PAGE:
March 1, 2007 / 4:18 PM / in 11 years

Climate change as dangerous as war: U.N. chief Ban

UNITED NATIONS (Reuters) - Climate change poses as much danger to the world as war, U.N. Secretary-General Ban Ki-moon said on Thursday as he urged the United States to take the lead in the fight against global warming.

U.N. Secretary-General Ban Ki-moon adjusts his glasses as he listens to a journalist's question during a news conference in Vienna February 23, 2007. Climate change poses as much danger to the world as war, Ban said on Thursday as he pledged to make global warming the focus of talks with world leaders in June. REUTERS/Herwig Prammer

In his first address on the subject, Ban said he would make climate crisis the focus of talks with leaders at a meeting of the Group of Eight industrialized nations — Canada, France, Germany, Italy, Japan, Britain, the United States and Russia.

“The majority of the United Nations work still focuses on preventing and ending conflict,” Ban said. “But the danger posed by war to all of humanity and to our planet is at least matched by the climate crisis and global warming.”

“In coming decades, changes in our environment and the resulting upheavals from droughts to inundated coastal areas to loss of arable land are likely to become a major driver of war and conflict,” Ban told an international U.N. school conference on global warming, meeting in the U.N. General Assembly hall.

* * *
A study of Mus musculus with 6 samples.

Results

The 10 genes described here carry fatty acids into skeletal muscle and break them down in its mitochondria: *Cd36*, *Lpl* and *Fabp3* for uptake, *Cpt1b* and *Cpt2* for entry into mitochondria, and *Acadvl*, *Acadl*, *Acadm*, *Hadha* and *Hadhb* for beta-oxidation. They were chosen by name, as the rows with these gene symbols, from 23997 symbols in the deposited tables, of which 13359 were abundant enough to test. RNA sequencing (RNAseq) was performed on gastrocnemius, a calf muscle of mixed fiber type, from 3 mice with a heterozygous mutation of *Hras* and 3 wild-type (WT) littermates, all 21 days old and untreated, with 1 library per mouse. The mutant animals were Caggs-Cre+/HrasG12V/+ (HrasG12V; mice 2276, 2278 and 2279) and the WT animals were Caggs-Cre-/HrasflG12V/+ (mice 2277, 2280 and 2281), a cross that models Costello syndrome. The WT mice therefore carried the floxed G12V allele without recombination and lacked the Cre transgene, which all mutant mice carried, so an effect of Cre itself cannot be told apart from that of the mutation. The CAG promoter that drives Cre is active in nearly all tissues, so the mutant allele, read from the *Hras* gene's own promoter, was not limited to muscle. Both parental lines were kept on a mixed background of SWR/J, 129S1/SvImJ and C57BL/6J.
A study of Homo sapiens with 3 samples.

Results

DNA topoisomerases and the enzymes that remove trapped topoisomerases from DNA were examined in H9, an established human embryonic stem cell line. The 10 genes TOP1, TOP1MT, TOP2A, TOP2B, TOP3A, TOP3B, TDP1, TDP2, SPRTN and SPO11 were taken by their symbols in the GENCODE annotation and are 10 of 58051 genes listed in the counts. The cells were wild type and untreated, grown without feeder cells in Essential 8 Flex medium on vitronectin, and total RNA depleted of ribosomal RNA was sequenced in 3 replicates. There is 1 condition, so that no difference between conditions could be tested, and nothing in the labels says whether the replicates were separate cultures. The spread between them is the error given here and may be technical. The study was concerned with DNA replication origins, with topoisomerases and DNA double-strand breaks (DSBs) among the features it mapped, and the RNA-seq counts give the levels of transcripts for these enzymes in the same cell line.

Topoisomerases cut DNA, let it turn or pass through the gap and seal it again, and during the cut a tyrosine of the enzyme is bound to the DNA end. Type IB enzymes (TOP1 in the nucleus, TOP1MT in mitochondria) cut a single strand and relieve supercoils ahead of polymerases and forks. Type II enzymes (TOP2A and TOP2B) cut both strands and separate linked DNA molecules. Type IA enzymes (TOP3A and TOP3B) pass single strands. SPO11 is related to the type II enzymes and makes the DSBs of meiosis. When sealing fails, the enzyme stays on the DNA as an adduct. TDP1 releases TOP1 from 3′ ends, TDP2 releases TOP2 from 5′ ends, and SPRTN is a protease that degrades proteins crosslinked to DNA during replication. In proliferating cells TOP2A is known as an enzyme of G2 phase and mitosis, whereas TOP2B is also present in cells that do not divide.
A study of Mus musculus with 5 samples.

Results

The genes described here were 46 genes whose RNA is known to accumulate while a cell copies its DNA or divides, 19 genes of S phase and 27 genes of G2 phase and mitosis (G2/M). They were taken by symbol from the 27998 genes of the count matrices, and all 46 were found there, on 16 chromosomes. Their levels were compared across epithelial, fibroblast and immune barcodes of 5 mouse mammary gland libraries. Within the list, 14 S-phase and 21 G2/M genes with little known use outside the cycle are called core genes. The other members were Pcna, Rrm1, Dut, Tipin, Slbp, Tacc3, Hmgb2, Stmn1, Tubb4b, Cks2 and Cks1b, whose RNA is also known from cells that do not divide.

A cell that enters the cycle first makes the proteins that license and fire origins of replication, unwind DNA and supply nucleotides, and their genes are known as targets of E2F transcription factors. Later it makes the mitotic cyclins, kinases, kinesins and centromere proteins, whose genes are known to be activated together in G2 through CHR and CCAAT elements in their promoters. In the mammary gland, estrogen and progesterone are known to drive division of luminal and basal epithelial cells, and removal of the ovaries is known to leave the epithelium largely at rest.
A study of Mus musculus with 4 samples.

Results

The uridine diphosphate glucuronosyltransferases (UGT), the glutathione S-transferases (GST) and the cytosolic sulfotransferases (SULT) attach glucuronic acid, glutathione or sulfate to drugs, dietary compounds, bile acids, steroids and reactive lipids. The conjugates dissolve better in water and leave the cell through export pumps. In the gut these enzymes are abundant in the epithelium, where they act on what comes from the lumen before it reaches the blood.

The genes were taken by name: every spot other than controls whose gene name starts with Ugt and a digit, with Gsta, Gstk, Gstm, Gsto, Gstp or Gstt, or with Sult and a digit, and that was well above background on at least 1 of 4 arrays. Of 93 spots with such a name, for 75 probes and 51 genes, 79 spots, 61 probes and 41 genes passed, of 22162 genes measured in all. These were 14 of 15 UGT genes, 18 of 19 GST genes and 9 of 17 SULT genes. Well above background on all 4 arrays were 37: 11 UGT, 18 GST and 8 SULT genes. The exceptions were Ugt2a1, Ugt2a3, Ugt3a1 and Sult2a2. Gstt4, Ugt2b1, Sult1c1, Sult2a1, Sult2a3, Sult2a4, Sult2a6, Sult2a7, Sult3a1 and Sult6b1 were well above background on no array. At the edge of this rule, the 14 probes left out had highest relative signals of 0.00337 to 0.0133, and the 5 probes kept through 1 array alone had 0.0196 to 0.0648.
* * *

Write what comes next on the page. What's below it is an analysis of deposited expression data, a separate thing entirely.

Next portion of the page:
Last month a U.N.-organized panel of 2,500 top climate scientists from more than 130 nations blamed human activities for global warming and predicted more droughts, heat waves and a slow rise in sea levels that could continue for more than 1,000 years even if greenhouse gas emissions were capped.

The panel predicts a “best estimate” that temperatures would rise by between 1.8 and 4.0 degrees Celsius (3.2 and 7.8 Fahrenheit) in the 21st century.

Ban said the world needed a more coherent system of international environmental governance and that he hoped the United States would take the lead in looking toward the climate change fight beyond Kyoto’s end in 2012.

“I hope that United States, while they have taken their role in innovative technologies as well as promoting cleaner energies, will also take the lead in this very important and urgent issue,” Ban said.


Ban, who became U.N. chief on January 1, has pledged to make climate change a top priority and was considering a summit, but his staff said this would not happen. Instead, Ban said, a U.N. framework conference on climate change will be held in Bali, Indonesia, in December.

“I am encouraged to know that in the industrialized countries from which leadership is most needed, awareness is growing,” he said adding that the cost of inaction or delayed action exceeded the short-term investment needed.

The United States is the world’s top greenhouse gas emitter and accounts for about a quarter of the global total, ahead of China, Russia and India.

Thirty-five industrialized countries bound by the Kyoto Protocol, which obliges average cuts in emissions of 5 percent below 1990 levels by 2008-12, account for just 30 percent of world emissions.

President Bush pulled out of Kyoto in 2001, saying that it would damage the U.S. economy and unfairly set no targets for developing nations. But in January he acknowledged climate change as a “serious challenge.”

Ban said the success of the Oscar-winning documentary “An Inconvenient Truth,” inspired by former U.S. Vice President Al Gore’s environmental campaign, showed the issue “is no longer an inconvenient issue, it is an inescapable reality.”

“Unfortunately my generation has been somewhat careless in looking after our one and only planet but I am hopeful that is finally changing,” Ban said.